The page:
British Airways, Ryanair and EasyJet have filed a formal legal challenge to the government’s quarantine policy.
The airlines say the policy will have «a devastating effect on British tourism and the wider economy» and destroy thousands of jobs.
They have applied for a judicial review at the High Court.
The challenge claims that the quarantine rules for travellers are more stringent than those applied to people who actually have Covid-19.
The new rules came into force this week. They require most inbound travellers to self isolate for 14 days, although there are more than 40 categories of incomers, largely pertaining to certain workers, who are exempt. Rules for those actually infected with the virus require self isolation for seven days.
The airlines state that there was no consultation and no scientific evidence provided to support the policy; that weekly commuters from France or Germany can be exempted; and that the government is preventing people from travelling to and from countries with lower infection rates than the UK.
However, the government has said the quarantine period is a «proportionate and time-limited approach» to protect public health.
In a statement, the three airlines said they had not seen any evidence on how and when so-called «air bridges», allowing quarantine-free travel between the UK and other countries with low infection rates, could be implemented.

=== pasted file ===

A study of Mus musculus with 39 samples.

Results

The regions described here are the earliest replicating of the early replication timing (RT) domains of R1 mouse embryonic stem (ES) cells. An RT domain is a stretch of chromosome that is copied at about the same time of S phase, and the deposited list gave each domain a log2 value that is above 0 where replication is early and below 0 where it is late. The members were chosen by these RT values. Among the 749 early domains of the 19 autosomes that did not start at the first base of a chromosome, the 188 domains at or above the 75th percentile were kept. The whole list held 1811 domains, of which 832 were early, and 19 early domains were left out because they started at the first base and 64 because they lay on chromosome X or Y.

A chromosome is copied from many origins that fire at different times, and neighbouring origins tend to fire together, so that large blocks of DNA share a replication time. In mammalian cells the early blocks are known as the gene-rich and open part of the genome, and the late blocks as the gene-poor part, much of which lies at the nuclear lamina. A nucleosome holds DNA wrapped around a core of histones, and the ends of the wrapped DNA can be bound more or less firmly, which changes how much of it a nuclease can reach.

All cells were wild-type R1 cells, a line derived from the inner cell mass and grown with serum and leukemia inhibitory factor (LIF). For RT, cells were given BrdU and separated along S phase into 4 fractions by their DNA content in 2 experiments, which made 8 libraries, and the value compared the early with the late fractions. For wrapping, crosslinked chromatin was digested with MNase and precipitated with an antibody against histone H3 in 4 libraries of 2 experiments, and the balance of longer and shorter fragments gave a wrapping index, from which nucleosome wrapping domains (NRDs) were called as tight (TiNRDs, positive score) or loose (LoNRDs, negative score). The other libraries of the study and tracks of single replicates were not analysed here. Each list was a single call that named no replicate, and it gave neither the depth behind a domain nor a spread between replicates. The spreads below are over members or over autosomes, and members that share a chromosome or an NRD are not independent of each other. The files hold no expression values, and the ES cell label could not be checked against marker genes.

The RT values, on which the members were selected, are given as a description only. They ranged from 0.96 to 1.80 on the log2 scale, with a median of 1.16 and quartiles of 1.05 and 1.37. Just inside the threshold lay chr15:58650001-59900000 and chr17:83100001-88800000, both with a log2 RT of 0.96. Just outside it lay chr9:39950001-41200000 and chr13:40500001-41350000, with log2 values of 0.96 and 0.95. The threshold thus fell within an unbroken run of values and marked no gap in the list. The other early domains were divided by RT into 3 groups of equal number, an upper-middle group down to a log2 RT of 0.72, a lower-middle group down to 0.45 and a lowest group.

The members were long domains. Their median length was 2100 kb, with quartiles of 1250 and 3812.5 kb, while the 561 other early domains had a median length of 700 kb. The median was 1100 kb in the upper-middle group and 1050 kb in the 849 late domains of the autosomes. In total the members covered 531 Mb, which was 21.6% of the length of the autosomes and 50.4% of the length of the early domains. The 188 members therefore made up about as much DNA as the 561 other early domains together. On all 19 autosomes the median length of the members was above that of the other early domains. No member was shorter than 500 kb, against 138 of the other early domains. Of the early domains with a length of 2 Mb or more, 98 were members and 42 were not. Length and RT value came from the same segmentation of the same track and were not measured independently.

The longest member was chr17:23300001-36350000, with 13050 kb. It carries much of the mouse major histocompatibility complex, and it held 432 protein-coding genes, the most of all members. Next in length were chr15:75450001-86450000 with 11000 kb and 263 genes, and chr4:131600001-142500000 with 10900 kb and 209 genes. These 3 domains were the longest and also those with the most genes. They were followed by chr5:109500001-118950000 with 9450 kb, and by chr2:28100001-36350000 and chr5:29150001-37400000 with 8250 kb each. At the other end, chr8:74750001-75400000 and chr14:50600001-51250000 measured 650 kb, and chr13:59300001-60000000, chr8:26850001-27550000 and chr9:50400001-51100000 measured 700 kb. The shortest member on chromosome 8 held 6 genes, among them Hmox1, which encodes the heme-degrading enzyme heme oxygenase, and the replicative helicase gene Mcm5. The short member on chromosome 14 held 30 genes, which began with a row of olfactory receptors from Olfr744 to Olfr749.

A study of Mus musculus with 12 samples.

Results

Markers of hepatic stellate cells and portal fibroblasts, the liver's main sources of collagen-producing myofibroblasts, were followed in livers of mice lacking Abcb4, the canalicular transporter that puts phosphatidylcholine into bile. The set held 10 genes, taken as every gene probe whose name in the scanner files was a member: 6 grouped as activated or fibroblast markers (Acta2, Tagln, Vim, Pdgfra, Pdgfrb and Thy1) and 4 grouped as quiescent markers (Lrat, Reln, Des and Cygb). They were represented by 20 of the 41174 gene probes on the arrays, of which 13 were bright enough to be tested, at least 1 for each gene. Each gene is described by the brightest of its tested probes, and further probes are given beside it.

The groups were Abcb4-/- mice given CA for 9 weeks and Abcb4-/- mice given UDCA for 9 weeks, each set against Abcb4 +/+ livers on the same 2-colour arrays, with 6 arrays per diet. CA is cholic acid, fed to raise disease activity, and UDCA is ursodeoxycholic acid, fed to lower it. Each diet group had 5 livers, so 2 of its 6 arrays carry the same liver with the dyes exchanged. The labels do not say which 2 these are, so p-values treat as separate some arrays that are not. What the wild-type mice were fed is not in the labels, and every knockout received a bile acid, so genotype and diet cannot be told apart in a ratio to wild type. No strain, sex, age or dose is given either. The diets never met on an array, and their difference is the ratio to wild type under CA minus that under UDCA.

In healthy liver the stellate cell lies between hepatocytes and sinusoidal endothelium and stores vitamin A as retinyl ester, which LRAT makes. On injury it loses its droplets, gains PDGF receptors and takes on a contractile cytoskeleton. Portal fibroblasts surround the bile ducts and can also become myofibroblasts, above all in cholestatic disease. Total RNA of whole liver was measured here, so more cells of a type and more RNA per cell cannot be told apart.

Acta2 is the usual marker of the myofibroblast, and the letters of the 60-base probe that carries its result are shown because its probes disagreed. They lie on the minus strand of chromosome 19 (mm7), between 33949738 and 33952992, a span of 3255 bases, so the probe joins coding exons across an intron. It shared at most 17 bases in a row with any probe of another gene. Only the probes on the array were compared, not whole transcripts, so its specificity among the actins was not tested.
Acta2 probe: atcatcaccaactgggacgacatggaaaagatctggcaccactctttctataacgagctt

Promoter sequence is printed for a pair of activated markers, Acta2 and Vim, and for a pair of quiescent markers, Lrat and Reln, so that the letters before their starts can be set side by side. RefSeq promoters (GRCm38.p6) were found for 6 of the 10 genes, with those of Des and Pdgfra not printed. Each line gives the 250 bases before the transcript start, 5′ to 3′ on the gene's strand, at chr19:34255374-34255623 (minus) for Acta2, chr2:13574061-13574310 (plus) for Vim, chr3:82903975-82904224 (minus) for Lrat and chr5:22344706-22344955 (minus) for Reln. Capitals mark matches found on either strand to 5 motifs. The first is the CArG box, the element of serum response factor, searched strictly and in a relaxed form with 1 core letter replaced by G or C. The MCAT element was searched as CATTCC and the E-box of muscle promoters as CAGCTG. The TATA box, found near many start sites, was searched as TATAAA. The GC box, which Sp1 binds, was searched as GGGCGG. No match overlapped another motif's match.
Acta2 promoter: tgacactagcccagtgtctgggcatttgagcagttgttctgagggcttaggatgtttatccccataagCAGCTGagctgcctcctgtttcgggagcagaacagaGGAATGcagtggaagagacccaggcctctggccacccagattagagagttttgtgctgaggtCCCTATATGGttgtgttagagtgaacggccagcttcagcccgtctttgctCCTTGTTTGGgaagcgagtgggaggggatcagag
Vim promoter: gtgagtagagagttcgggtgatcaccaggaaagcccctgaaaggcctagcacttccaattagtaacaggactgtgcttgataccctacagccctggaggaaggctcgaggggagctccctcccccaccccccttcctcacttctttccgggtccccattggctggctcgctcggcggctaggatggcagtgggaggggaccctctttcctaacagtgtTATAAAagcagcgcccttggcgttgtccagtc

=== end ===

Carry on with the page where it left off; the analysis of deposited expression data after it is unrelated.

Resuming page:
They have called on the government instead to re-adopt a previous policy, where quarantine was limited to travellers from high risk countries.
The air industry has been hit particularly hard by the coronavirus outbreak, which has all but stopped their activities. Mass job cuts are under way:
- British Airways is proposing to make 12,000 of its 45,000 staff redundant, with more than 1,000 pilot roles at risk
- Ryanair is set to shed 3,000 jobs – 15% of its workforce – with boss Michael O’Leary saying the planned cuts are «the minimum that we need just to survive the next 12 months»
- EasyJet has said it will cut up to 30% of its workforce – about 4,500 jobs
- Virgin Atlantic, which employs 10,000 people, has said it will cut 3,000 jobs
- Other European airlines cutting back include Germany’s Lufthansa, which on Thursday said it would cut 22,000 jobs.
Friday’s legal move marks another sign of a breakdown in relations between airlines and the UK government.
Willie Walsh, the boss of IAG, which owns BA, Iberia and Aer Lingus, has called the quarantine policy «irrational», while Ryanair boss Michael O’Leary said the policy was a «stunt» and would not be enforceable.
Industry body Airlines UK has said quarantine «would effectively kill off air travel».
The BBC has approached the Home Office for a comment.